Family dynamics can change drastically when a parent passes away. If a surviving spouse remarries, the question of what happens to the family home can make the dynamic among the children and the new spouse complicated. As a part of the estate plan, setting up a trust that includes the right of occupancy can clarify who owns the property, who may live there, how long they may live there, and who will inherit the property.
What is a Right of Occupancy?
Granting a right of occupancy allows you to designate a beneficiary to live at your homestead or other property. A right of occupancy may also provide money for the expenses to maintain that real property. The arrangement can last for a designated period of time or until the beneficiary dies or leaves the property. A right of occupancy is similar to a life estate, but the beneficiary cannot sell or transfer their interest in the property as a life estate holder can.
Below are two scenarios where a right of occupancy provision in your trust could be used:
Scenario 1 – Betty is a 70-year-old widow and has been caring for her 60-year-old brother, Fred, throughout his adult life. Fred is mentally disabled and cannot work or live on his own. Betty is afraid that when she dies, Fred will become homeless. Betty adds a right of occupancy provision to her trust, stating that Fred may live in her home after she passes away. The provision also includes $40,000 to cover maintenance costs. Fred will live in the home for the rest of his life or until he moves into an assisted-living facility. Betty’s children will then inherit the home.
Scenario 2 – Joan’s husband dies after a 40-year marriage that produced 4 children. 2 years later, Joan marries Trevor, who is 20 years younger than Joan. Joan wants her children to inherit her family home, but she also wants Trevor to live there after she dies. Joan grants Trevor the right of occupancy for 2 years after her death and includes $30,000 to cover home maintenance. This will give Trevor sufficient time to find a place of his own. At the end of the 2 years, Joan’s children will receive the home and the unused portion of the maintenance funds.
What You Should Consider With A Right of Occupancy
When considering a right of occupancy provision for your trust, remember the beneficiary typically must occupy the home to retain the right. In addition, the beneficiary does not have an ownership interest that can be sold or transferred. You will need to determine, with the help of your estate planning attorney, whether the trustee or the beneficiary will pay the property expenses. Clearly state who will pay the mortgage, property tax, home insurance, and other maintenance costs.
Other considerations are more personal because often a death in the family will alter the family dynamics. A right of occupancy can reduce conflict among the trustee, beneficiary, and the property’s ultimate heirs by clearly stating what will be done with the property following your passing. Understand that the right of occupancy may not eliminate all conflict. For example, children may feel angry believing they could sell the homestead or second home for a high price if it were not for the surviving stepparent or other beneficiary being allowed to live on the property under a right of occupancy.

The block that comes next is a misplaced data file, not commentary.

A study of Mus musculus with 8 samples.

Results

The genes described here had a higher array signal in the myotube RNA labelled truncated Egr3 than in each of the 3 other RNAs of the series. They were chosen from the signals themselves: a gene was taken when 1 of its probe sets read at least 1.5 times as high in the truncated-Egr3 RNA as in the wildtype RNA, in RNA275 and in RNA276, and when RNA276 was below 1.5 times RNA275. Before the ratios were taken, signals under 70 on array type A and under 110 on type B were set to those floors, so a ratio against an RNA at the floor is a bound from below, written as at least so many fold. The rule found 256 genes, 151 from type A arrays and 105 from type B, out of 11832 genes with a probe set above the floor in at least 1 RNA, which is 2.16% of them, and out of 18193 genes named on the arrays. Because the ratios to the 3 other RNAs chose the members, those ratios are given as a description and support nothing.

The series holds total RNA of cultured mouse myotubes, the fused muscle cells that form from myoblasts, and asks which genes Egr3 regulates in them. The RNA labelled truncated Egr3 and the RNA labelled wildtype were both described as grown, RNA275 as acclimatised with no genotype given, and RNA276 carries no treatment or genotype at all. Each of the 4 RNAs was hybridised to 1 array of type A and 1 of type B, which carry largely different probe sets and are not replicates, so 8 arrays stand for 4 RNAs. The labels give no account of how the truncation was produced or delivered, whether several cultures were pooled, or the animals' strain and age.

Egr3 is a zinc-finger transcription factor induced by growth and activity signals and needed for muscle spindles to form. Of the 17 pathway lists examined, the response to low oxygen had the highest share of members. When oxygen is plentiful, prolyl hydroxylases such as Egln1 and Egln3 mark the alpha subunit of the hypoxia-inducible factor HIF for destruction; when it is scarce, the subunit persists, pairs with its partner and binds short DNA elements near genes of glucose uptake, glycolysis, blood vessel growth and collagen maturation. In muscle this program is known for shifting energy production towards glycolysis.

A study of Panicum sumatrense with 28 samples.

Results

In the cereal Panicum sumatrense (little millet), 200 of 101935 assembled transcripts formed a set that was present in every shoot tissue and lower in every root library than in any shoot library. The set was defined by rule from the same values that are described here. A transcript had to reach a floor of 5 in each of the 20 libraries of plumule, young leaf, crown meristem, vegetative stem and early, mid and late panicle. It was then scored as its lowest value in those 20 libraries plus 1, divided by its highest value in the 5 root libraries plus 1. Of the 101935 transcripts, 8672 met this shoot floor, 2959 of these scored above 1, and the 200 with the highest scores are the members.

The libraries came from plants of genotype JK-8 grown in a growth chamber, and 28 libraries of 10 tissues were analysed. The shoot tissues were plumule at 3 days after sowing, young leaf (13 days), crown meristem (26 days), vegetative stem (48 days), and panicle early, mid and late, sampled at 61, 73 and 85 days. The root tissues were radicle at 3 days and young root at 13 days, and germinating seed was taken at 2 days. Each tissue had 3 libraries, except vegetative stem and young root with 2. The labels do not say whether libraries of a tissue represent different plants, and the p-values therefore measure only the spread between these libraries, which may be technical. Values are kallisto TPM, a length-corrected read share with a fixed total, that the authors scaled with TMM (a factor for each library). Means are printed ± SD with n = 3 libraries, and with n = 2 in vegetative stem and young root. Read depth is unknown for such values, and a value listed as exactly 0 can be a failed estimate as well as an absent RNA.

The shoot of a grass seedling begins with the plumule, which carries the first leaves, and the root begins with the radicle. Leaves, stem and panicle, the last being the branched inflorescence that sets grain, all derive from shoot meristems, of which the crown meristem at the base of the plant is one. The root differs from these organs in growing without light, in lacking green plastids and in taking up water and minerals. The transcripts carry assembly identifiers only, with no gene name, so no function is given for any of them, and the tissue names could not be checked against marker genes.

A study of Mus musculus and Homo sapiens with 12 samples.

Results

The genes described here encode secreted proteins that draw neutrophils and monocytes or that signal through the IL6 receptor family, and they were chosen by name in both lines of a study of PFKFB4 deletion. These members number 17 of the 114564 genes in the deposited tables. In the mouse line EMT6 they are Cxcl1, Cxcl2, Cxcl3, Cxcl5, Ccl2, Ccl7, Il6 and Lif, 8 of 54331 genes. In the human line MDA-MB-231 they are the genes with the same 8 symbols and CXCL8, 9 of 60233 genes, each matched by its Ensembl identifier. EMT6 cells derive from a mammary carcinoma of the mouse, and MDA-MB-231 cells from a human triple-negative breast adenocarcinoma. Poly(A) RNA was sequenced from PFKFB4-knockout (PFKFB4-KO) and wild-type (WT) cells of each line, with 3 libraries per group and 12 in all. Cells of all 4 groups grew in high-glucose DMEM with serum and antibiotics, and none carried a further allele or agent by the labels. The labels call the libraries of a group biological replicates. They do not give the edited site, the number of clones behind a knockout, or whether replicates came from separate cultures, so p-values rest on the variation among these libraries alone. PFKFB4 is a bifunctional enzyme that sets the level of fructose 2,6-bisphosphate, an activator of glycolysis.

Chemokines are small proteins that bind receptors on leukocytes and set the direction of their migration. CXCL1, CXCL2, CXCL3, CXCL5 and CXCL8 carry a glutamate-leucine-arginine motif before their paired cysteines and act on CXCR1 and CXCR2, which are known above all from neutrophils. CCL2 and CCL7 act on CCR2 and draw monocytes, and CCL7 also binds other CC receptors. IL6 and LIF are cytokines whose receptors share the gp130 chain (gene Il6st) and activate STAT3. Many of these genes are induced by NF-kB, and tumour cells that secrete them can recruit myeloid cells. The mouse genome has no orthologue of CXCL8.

Right of Occupancy Compared to a Life Estate
The major difference between a right of occupancy and a life estate is that the beneficiary of a life estate, at least in theory, can sell or transfer their interest; however, it is rare when this happens. I have never witnessed a situation where a life estate holder finds a third party willing to buy their life estate interest because the buyer’s right to possess and enjoy the property would be tied to the longevity of another person. With a right of occupancy, the property ownership remains in trust after the death of the trustmaker and although the beneficiary may stay in the home for a predetermined amount of time or until they move or pass away, they have no ownership interest to sell or transfer.
A Disadvantage with a Right of Occupancy
Owning a Florida homestead comes with tax benefits, including a reduction in the amount of annual property taxes and a limit to how much the property’s tax assessed value can increase each year. Those homestead benefits may not be available when the property is held in a trust under a right of occupancy, which can present a possible downside for homestead property depending on how long the decedent owned the homestead before their death. As an example, if the decedent owned their homestead in Florida for 20 years, the real estate taxes would have remained relatively low over those years compared to the same or similar home without the homestead tax assessment limitation. After a person passes away, their homestead tax exemption is eliminated in the following year after death and the property’s tax assessed value is adjusted to a current tax value. For a decedent who owned their homestead for 20 years, the result would be a substantial increase in real estate taxes due to the lifting of the homestead tax exemption. For a decedent who owned their homestead for only 3 years, the resulting increase in real estate taxes would not be as jaw-dropping.
Contact the estate planning attorneys at Stross Law Firm, P.A. at 813-851-6500 to discuss your estate and incapacity planning and to see if a right of occupancy for a loved one may be appropriate to include in your estate plan.